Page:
Wednesday, January 5, 2011

Curious people before bureacracy and buildings

Ahmed Zewail has a great Column in Nature, emphasizing the importance of basic science, and curiosity driven research for nation building. Here is an extract:

Curiosity-driven research requires that creative scientists work in an environment that encourages interactions between researchers and collaborations across different fields. But such attributes cannot and should not be orchestrated by structured and weighty management, as creative minds and bureaucracies do not work harmoniously together. So is there a formula for managing discovery making? The answer lies in accepting a triad of essentials. 
First, and most important, are the people involved. Giving proper priority to providing thorough and inspiring education in science, technology, mathematics and engineering is essential. Research and development needs to attract the best young minds. Large buildings and massive funds will not produce much without the right people.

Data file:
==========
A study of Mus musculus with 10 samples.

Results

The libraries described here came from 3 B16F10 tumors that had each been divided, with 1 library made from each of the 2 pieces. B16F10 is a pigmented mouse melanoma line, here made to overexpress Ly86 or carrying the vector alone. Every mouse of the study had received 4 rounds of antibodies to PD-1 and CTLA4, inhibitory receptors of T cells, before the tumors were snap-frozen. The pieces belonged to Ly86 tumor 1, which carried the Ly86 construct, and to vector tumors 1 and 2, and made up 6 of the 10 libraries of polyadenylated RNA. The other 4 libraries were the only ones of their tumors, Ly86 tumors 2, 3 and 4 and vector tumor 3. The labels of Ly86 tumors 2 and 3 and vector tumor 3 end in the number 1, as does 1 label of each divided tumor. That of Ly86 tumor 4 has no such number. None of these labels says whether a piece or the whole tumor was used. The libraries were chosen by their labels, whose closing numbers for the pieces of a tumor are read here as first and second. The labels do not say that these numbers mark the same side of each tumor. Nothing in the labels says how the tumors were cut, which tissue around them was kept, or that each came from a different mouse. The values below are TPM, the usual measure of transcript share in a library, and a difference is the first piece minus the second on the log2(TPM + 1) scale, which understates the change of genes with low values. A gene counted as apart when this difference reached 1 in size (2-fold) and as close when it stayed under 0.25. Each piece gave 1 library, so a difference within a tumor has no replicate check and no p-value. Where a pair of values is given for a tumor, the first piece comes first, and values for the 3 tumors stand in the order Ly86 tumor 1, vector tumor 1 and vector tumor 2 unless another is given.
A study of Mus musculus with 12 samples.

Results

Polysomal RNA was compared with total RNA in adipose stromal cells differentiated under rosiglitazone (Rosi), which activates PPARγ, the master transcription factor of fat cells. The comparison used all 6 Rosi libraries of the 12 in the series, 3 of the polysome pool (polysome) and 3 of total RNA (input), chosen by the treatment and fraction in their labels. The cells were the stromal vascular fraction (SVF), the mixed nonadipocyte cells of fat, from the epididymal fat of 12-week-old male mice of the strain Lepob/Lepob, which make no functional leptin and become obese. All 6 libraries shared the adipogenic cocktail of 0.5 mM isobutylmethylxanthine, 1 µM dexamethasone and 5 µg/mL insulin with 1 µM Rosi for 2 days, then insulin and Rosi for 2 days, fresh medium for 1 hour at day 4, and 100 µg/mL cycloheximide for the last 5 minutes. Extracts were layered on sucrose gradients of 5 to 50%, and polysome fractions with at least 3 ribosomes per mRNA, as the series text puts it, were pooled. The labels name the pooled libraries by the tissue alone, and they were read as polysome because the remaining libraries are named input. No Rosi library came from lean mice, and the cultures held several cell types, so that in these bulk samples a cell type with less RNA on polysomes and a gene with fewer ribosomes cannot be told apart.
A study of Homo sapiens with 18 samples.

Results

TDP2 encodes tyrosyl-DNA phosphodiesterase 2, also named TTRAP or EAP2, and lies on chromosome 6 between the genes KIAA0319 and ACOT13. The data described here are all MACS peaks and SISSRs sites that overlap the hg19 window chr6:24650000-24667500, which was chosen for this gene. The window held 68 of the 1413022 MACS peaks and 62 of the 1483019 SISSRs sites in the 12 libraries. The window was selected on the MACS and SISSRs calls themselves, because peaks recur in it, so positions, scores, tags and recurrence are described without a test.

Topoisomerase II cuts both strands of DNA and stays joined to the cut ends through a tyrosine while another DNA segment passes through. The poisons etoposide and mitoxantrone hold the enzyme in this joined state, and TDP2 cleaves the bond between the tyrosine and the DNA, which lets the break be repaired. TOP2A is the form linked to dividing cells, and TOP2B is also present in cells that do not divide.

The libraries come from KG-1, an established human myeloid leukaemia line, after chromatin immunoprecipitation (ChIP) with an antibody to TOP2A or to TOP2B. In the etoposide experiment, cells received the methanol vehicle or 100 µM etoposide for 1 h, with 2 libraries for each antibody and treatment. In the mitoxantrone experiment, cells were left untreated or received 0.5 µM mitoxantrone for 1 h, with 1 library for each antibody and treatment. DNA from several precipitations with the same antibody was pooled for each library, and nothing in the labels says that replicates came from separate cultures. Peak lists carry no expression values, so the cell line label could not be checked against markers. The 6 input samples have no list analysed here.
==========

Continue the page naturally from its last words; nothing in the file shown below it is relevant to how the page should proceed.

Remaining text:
Second, an atmosphere of intellectual exchange is of paramount importance for ideas to crystallize. To distract faculty members with the writing of extensive and numerous proposals or to turn them into managers is the beginning of the end. The modern enterprise of science has become so bloated and complex that the traditional models of funding must be re-examined.... 
Third, without resources little can be achieved, no matter how creative the mind. Obviously, investment in science is needed to build instruments and to hire competent staff. Countries and institutions that provide the requisite infrastructure and the funding for ideas will be the homes of discoveries. But such support should follow the vision of creative researchers, not be built merely to lure money or to force people into fashionable research areas such as nanotechnology.